Wednesday, May 22, 2024

Talespin’s Virtual Humans can help teach soft skills in the workplace

Training employees how to perform specific tasks is not that difficult, but building their soft skills – like interacting with management, fellow employees and customers – can be more challenging, especially when there are no people around to practice with. One more biggest challenge for a manager is to fire an employee.

Well, a new virtual reality employee might help you there! Talespin – a company that offers virtual reality workplace training – has created Barry, an artificially intelligent character you can practice firing over and over again unless you are confident enough to handle the real deal.

Barry is a highly-realistic, AI-powered character. It appears in virtual reality, listens patiently, and then protest or sob a little like a real human as you fire him from an imaginary job. Barry is capable of simulating a range of responses that a real employee could give, such as sobbing, yelling, and more.

Meet Barry an artificially intelligent character
Meet Barry an artificially intelligent character

Along with Barry, the company has created some other VR characters to help teach people soft management skills.

While interacting with Barry, the user navigate hundreds of possible conversation paths to effectively (or ineffectively) terminate Barry, face common wrongful termination pitfalls, and experience Barry’s realistic speech, body language, and human-like mannerisms. This develops a sense of confidence to effectively deal with real scenarios, according to the blog post.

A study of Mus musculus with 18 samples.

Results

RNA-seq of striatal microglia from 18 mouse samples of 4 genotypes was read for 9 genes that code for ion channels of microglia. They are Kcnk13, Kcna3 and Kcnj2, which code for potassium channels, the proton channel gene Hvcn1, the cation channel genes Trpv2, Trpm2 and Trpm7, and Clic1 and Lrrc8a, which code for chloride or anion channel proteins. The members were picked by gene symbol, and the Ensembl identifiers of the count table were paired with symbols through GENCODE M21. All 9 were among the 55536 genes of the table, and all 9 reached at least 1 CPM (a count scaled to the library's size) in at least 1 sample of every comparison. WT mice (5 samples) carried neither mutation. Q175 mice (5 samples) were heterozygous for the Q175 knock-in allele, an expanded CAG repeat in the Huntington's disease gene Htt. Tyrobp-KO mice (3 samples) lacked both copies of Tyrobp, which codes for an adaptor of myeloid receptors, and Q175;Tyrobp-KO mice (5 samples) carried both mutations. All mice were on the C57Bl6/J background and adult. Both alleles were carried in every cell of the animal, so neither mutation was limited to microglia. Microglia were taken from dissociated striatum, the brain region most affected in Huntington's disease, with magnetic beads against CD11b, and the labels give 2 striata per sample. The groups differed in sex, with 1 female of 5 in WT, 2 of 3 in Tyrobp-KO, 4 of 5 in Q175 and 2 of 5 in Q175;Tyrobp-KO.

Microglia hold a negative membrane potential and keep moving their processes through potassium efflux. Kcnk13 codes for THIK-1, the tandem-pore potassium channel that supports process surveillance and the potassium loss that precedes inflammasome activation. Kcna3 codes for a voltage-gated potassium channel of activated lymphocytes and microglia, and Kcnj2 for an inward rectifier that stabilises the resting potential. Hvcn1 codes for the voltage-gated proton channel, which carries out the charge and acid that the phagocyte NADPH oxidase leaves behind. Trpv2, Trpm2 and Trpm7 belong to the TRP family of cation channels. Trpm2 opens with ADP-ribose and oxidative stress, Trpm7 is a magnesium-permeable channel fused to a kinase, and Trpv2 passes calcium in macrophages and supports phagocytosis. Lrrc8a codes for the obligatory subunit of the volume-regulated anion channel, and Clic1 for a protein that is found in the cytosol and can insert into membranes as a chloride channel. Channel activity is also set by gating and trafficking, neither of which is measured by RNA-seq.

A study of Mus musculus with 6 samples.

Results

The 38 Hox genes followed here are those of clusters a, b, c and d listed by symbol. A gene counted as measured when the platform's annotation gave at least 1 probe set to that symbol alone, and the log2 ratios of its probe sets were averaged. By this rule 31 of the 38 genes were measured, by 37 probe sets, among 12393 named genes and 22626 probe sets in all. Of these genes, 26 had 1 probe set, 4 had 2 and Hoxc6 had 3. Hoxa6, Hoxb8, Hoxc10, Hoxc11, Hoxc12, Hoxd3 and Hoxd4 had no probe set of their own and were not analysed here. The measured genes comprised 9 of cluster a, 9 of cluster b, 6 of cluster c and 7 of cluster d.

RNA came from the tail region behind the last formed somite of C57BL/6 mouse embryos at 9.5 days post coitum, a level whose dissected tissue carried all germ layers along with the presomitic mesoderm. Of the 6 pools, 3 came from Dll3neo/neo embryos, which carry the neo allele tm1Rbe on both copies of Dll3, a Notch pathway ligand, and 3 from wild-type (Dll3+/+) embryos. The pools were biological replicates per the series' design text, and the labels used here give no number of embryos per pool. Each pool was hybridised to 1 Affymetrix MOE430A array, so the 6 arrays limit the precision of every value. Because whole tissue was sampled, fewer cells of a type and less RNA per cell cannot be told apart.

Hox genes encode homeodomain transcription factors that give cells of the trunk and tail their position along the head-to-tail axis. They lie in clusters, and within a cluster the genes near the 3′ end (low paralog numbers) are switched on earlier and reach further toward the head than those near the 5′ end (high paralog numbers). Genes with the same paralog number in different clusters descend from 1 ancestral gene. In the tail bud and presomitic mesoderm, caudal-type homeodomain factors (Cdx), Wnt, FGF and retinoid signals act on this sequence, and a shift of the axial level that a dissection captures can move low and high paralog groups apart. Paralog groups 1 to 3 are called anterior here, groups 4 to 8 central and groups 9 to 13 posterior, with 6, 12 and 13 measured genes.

Talespin’s Virtual human tech can also be helpful in improving leadership skills, interviewing skills, navigating difficult conversations, and many more explains Kyle Jackson, CEO of Talespin. It could help you learn how to let someone go without causing a scene, for instance.

Read more: Lightweight VR glove enables you to feel and grab virtual objects

Soft skills are ranked among the most important for any organization as they discuss their needs for the future of work,” Jackson says, reports MIT Technology Review. “We don’t see this slowing down any time soon.

This could ultimately establish better employee-employer relationships and contribute to organizational growth.

Until now, we have seen the virtual reality concept in many gaming applications, gyms, massage centers, and a lot more. Let’s see how much it will be beneficial in the field of workplace training.